Modern Government: Just Spend More, No One Gets Less. Huh? By Chris Kenny, commenting on the current Australian federal election.
Government programs and expenditure are overwhelming our economy and our society. The interventions and spending have rapidly reached the highest levels since the war; and we pretend this is sustainable.
For every problem, real or perceived, every grievance, every gripe and every itch that needs to be scratched, we see the offer of a government solution. Labor is worse, to be sure, but the Coalition too, has been sucked ever deeper down this cul-de-sac. …
How about that covid response?
After a pandemic period in which government has restricted how many people we could have in our homes, banned us from travelling overseas, blocked our citizens from returning home, prevented travel across state borders, closed businesses, imposed curfews, locked down states, mandated vaccines, barred people from funerals, prohibited singing and dancing, chased people from parks and beaches, prosecuted dissenters and kept children from school, you might have thought we would have had enough of being over-governed.
But many seem to see this overbearing Covid-19 response as proof that government knows best, and does best. We have quickly progressed from the worrying infantilism of the nanny state to the dark authoritarianism of unlimited state mandates. …
We surrender agency, shunning personal responsibility, enterprise and self-reliance. We look to the state for more, always more. …
This was brought into focus brilliantly this week during a National Press Club debate between Josh Frydenberg and Labor Treasury spokesman Jim Chalmers that canvassed weighty issues such as inflation, interest rates, unemployment figures and fiscal strategies.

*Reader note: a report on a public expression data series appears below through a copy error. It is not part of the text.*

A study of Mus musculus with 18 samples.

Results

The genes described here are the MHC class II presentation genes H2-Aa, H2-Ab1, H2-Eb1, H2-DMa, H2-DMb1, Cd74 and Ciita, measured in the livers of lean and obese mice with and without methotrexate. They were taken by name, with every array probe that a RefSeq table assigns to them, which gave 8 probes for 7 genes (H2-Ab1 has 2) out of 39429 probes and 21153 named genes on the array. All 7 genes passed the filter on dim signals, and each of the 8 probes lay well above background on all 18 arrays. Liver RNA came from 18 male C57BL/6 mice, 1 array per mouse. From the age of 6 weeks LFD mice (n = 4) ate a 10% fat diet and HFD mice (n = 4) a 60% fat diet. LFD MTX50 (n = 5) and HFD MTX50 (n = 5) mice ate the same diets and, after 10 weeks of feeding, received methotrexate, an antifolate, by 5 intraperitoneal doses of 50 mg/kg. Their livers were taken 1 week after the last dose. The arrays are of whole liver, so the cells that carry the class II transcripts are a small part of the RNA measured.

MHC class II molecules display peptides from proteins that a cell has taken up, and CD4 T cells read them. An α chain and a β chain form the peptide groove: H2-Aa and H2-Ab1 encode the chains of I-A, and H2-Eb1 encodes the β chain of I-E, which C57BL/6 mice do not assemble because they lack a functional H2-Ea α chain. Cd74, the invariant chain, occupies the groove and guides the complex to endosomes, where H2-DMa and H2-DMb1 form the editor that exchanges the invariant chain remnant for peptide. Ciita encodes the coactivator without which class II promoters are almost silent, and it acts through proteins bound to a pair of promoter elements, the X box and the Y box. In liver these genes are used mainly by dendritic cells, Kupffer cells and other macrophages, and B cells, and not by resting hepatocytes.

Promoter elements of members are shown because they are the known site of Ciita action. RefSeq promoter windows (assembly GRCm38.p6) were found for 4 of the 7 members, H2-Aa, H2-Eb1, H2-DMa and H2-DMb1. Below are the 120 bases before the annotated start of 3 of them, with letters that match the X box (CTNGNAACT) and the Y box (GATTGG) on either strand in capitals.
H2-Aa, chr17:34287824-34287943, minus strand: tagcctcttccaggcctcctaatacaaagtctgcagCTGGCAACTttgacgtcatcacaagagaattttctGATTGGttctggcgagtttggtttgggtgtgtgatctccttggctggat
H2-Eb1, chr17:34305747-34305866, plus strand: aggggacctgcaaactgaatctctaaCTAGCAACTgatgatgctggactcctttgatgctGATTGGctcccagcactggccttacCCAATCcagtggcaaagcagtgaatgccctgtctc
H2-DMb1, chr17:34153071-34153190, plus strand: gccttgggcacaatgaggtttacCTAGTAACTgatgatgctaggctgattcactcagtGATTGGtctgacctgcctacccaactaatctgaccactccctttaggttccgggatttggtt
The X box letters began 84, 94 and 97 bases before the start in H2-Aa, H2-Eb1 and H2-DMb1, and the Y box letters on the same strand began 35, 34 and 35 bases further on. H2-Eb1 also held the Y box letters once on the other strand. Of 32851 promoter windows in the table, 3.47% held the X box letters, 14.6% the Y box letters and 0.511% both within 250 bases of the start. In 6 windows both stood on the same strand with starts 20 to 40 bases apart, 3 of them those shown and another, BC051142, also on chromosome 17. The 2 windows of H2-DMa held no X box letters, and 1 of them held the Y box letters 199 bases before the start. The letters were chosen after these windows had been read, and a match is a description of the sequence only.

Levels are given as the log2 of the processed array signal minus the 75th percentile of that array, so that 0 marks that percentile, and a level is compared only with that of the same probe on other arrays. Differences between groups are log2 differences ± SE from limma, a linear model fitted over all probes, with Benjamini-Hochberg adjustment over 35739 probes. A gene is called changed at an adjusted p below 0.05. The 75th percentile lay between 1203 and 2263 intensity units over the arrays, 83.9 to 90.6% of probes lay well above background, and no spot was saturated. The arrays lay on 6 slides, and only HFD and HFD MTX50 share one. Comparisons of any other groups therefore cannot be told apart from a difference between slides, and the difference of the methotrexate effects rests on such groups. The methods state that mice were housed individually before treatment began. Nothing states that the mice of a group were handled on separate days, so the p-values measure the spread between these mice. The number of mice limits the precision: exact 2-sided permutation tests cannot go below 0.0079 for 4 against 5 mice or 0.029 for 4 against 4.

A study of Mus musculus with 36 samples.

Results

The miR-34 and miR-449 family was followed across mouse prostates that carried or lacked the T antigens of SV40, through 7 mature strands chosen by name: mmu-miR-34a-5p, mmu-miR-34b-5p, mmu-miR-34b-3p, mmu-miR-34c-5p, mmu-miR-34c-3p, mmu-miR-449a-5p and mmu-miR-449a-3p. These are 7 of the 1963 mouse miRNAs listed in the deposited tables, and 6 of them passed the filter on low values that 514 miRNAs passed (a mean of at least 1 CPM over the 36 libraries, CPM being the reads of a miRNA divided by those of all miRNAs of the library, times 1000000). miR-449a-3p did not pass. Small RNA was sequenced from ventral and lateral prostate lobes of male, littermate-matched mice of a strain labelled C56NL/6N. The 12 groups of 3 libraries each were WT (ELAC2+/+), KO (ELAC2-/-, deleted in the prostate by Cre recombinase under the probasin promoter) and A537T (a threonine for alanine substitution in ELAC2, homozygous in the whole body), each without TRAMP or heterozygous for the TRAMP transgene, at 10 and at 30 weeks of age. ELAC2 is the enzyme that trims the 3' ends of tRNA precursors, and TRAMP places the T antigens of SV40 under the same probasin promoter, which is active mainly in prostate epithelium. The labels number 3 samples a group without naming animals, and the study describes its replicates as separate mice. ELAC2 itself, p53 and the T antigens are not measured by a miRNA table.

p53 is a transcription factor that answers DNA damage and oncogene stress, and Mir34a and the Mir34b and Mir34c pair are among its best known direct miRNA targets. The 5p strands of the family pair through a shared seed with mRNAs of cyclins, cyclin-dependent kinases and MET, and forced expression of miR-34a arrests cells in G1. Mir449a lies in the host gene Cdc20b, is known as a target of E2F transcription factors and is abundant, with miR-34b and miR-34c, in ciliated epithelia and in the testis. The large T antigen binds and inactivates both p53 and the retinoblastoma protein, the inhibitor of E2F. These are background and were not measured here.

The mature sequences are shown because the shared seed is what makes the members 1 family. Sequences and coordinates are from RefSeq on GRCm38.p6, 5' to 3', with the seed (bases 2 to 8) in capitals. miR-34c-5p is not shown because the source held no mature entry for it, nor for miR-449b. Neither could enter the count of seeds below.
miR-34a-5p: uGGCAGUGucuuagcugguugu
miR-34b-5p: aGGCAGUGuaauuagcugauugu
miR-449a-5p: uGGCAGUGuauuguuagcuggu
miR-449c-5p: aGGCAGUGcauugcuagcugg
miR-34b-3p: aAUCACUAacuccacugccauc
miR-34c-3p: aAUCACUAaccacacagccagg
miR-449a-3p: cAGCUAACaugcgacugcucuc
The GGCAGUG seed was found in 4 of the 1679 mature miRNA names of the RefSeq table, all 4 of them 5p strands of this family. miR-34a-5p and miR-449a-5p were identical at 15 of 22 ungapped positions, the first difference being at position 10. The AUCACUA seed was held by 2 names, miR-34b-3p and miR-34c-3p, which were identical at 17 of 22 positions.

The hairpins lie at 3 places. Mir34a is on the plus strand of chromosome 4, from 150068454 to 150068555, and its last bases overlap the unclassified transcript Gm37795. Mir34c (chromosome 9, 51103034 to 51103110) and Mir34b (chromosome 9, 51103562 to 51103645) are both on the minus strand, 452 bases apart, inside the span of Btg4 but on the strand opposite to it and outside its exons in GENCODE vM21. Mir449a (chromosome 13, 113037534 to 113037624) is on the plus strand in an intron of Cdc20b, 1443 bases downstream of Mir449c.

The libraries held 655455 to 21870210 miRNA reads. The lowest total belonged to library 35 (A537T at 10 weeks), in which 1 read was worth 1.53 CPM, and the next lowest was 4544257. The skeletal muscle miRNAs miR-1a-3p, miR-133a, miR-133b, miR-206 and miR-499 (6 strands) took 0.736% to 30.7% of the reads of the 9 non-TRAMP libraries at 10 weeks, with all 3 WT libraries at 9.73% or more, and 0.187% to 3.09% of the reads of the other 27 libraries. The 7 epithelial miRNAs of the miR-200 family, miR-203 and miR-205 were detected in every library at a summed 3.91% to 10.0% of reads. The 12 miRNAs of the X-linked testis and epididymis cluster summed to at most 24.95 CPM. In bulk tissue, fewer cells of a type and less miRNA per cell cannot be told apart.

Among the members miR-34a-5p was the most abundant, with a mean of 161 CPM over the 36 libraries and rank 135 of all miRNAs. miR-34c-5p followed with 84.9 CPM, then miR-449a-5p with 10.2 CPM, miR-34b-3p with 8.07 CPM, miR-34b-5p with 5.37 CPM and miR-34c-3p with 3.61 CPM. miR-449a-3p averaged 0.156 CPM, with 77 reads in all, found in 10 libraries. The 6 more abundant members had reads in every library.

Then Shane Wright … asked a cheeky question aimed primarily at pork-barrelling. Wright said he had taken his dog, Scully, for a run that morning without incurring any expense to taxpayers, but he noticed the Coalition was promising $320,000 for a dog park in the marginal seat of La Trobe, and Labor was promising $200,000 to upgrade two dog parks in the seat of Macquarie.
He asked why this was a good use of taxpayers’ money and whether there was any productivity gain to be made from this spending. A brilliant point, well made, bringing laughter from the audience.
But this example goes deeper than rank pork-barrelling and marginal seat campaigning; why on earth is the federal government involved in funding dog parks? We have local governments to look after such matters, we have state governments that dip into this territory, too, and now Canberra, with its prescribed areas of responsibility such as defence, external affairs, taxation and currency, sticks its slobbering snout into dog parks. …
What would government do if spending was effectively unlimited?
Whatever your priorities in this country, whatever your desires, there will be a politician at some level of government – probably all three – willing to throw other people’s money at it. …
Both major parties have long agreed government expenditure should not exceed 25 per cent of gross domestic product but it topped 31.5 per cent during the pandemic and remains more than 27 per cent for the next two years. … The Coalition at least is committed to cap taxation revenues at 23.9 per cent of GDP but Labor refuses to adopt that ceiling, which only raises questions about unspoken post-election plans.
Much of the money spent by governments is borrowed, and some of it is effectively printed. Everyone in government worked out a few years ago that government debts are never going to be paid back in a meaningful way. At best, some debt will be repaid in sharply deflated dollars.
Therefore, why shouldn’t the government just spend like crazy to buy votes? This is in fact what has happened in the last decade, throughout the west. Elections have become a series of promises on how to spend this apparent bonanza.
The giveaway: no spending promise ever results in someone else getting less, or some other spending disappearing. It’s only more.
This is the magic of modern monetary theory (MMT). Sheer nonsense of course. It merely allows the government to commandeer ever higher percentages of society’s real productive capacity into its vote buying schemes. This only makes us all poorer in the long run. And the money system will break under all the debt — almost there.